Council supports push for Utahraptor State Park

This full skeleton of a Utahraptor is on display at Utah State University Eastern in Price. Photo courtesy of USU Eastern

The Grand County Council will send a letter in support of turning the Dalton Wells and Willow Springs area into Utahraptor State Park.

The council with little discussion voted 7-0 to send the letter to Gov. Gary Herbert, Sen. David Hinkins and Rep. Steve Eliason with the idea of tackling two issues at once: Protect the existing recreational opportunities at the site of one of the world’s most diverse paleontological sites, as well as historical and cultural locations – including a World War II Japanese internment camp. The second reason is to put an end to rampant dry, or dispersed, camping where not everybody is respectful.

“Recognizing the value of this area with its diverse paleontological, historical and cultural history, and being concerned about its lack of protection, Grand County has been working for the past few years with Utah’s Division of Forestry, Fire, and State Lands to create a management plan for these sovereign lands,” reads the letter.

A plan discussed but never followed up on in late 2018 sought to have the area turned into a campground managed by Grand County, and constructed by the state after it was reported the site was subjected to widespread vandalism, along with some campers dumping the black water tanks from their RVs on the ground and people leaving piles of trash when they left.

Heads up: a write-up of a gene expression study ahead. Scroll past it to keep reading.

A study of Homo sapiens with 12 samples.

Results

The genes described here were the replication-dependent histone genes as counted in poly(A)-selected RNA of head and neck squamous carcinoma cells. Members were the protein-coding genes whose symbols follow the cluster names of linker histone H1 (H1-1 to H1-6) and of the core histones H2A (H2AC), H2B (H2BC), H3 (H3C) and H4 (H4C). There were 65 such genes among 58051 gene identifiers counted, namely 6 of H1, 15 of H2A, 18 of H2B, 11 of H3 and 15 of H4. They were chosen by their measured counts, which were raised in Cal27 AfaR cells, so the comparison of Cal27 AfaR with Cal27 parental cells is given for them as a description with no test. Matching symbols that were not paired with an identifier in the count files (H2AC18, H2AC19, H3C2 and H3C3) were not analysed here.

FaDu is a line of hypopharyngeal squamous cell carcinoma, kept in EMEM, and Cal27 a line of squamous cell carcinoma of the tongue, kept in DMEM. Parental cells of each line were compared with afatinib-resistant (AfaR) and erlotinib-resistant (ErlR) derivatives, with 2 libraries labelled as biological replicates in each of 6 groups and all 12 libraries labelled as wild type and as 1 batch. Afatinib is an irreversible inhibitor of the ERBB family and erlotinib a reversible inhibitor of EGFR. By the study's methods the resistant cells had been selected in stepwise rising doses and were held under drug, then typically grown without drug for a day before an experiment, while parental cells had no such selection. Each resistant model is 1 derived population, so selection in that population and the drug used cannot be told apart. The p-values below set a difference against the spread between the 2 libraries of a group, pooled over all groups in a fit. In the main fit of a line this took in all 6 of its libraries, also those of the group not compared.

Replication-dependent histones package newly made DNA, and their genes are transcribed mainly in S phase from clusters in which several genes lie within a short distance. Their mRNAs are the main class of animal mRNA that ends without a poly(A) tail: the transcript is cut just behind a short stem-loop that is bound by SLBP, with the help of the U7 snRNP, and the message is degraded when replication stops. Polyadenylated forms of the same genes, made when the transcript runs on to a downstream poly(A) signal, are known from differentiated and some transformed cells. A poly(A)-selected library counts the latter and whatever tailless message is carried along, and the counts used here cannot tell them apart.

The Times-Independent interviewed State Paleontologist Dr. Jim Kirkland following a teleconference in November of 2018 to discuss the site and the problems.

It’s no secret Utah is home to more dinosaur fossils than anywhere else in the world and Grand County is ground zero.

Located on State Sovereign Lands off of Highway 191 north of Arches National Park, the roughly 1,200 acres has become popular with campers who either can’t find a campsite or don’t want to pay the fees.

Ongoing vandalism at Dalton Wells could do “real harm” to what Kirkland described as “the most complete record of the history of life in the world.”

“We’re where it all began. This is an incredible resource,” he said at the time.

Kirkland named the Utahraptor in 1989 and it was a find that validated the giant raptors that were featured in the original “Jurassic Park” film. Gov. Gary Herbert named it the state dinosaur earlier in 2018. There are roughly 50 other types of dinosaur fossils in the area.

Kirkland advocated for turning the site into a state park, saying acts of vandalism occur “almost daily,” and he said full-cast skeletons from the site are exhibited in more than 30 museums around the world.

In addition to being home to the Utahraptor – it has been found nowhere else – is a Civilian Conservation Corps site from the 1930s, the internment camp from the 1940s, and a history of uranium mining from the 1960s.